Sometimes it is important to remember that scam artists are the only criminals we refer to as artists and in the case of a PayPal invoice scam presently circulating, their art is impressive – criminal, but impressive nevertheless. I have warned you numerous times about scams in which you receive a phony invoice that appears to come from a company you do business, but if you look at the email from which it is sent, you will see that the email was sent from someone who has no relation to the company it purports to be. However, in this new scam, you get a phony invoice that not only appears to come from PayPal, but actually does come from PayPal and a link in the email to “View and Pay Invoice” that actually would take you to PayPal and an active invoice. The email has a phone number for you to call if you have a question about the invoice and if you do call the phone number, a scammer will promptly answer the phone where you will be advised to download a remote administration tool that gives the scammer access to your computer purportedly to help find the problem, but in actuality what you will have done is give the scammer access to your computer and all of the passwords to all of your accounts.
The truth is that the scammers open PayPal Business accounts which enables them to be able to send invoices from PayPal which makes them appear legitimate when they indeed are sent to you by PayPal. The customer service number that they provide in the invoice does not, however, take you to PayPal, but rather to the scammer who then asks you to give them remote access to your computer to straighten the matter out.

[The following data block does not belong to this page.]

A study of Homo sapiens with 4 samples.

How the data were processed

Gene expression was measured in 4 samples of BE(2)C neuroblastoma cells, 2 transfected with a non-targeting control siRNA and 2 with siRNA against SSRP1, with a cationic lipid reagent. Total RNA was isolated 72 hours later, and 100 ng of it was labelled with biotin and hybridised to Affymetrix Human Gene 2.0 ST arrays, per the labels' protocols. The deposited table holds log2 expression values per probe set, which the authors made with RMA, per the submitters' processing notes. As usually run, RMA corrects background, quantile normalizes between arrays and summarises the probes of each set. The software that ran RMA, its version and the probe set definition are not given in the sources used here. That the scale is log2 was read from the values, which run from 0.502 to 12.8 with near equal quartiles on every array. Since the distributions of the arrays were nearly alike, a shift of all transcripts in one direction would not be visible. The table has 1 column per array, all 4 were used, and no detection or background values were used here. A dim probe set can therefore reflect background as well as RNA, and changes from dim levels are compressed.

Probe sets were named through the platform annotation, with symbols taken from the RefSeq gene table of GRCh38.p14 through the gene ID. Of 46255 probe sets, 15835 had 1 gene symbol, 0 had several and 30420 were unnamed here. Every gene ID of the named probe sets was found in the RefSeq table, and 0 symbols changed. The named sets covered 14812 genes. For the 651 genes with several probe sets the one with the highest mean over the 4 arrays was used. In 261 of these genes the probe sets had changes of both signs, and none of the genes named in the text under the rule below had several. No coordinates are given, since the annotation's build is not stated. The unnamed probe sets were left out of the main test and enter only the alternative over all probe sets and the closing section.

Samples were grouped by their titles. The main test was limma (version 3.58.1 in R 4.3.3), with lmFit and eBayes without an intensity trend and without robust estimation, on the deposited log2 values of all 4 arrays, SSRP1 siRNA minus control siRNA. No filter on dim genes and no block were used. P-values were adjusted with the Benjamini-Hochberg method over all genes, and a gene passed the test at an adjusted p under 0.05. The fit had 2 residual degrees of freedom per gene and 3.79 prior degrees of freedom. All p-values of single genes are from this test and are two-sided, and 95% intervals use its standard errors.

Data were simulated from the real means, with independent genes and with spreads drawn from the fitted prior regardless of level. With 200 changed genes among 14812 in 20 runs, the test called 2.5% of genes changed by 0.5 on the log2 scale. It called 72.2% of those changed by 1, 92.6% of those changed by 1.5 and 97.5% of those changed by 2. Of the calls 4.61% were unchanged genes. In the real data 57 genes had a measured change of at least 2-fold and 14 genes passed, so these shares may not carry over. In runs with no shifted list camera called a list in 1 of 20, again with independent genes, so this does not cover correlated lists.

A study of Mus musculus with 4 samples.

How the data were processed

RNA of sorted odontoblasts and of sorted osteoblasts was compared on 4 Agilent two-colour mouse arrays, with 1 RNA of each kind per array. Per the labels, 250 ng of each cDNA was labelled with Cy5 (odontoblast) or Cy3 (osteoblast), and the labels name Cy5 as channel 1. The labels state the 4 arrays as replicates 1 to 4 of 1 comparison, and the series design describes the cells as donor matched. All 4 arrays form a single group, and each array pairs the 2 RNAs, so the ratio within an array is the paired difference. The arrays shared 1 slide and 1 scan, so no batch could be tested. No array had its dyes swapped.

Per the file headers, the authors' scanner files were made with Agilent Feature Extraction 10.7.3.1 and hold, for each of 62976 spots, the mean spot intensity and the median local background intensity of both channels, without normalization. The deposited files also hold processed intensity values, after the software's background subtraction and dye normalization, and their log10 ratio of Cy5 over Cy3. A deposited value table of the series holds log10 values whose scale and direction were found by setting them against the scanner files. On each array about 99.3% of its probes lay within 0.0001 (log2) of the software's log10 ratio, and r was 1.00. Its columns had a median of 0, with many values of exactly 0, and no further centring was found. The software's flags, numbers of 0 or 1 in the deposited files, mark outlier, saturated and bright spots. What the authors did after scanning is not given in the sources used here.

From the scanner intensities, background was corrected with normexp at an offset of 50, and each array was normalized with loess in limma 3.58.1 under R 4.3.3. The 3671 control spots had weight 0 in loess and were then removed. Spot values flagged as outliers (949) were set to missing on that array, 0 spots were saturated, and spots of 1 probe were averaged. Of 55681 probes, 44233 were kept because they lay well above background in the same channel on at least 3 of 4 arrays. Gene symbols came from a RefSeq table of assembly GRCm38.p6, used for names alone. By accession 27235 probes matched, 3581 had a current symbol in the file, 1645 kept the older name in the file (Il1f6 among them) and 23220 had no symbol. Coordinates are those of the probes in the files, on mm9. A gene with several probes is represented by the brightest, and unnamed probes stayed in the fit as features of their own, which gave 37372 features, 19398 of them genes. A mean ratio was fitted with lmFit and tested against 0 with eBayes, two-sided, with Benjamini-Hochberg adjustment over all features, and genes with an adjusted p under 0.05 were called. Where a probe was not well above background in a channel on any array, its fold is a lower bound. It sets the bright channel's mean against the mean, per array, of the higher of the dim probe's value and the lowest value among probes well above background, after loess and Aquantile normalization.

Whenever you get an email or invoice such as this which appears to come from a legitimate source, don’t click on links or call the phone numbers in the invoice. Rather call the real customer service number which you can get online. It is also interesting to note that if you call the real customer service number for PayPal, you will have to go through a number of prompts before you get to speak to a real person, however, the scammers customer service number is immediately answered by a person.
This scam and many tech support scams ask you to give remote access to your computer which is something you should not do under almost all circumstances. Giving someone remote access to your computer gives them access to everything on your computer and can lead to serious identity theft.
If you are not a subscriber to Scamicide.com and would like to receive free daily emails with the Scam of the day, all you need to do is to go to the bottom of the initial page of http://www.scamicide.com and insert your email address where it states “Sign up for this blog.”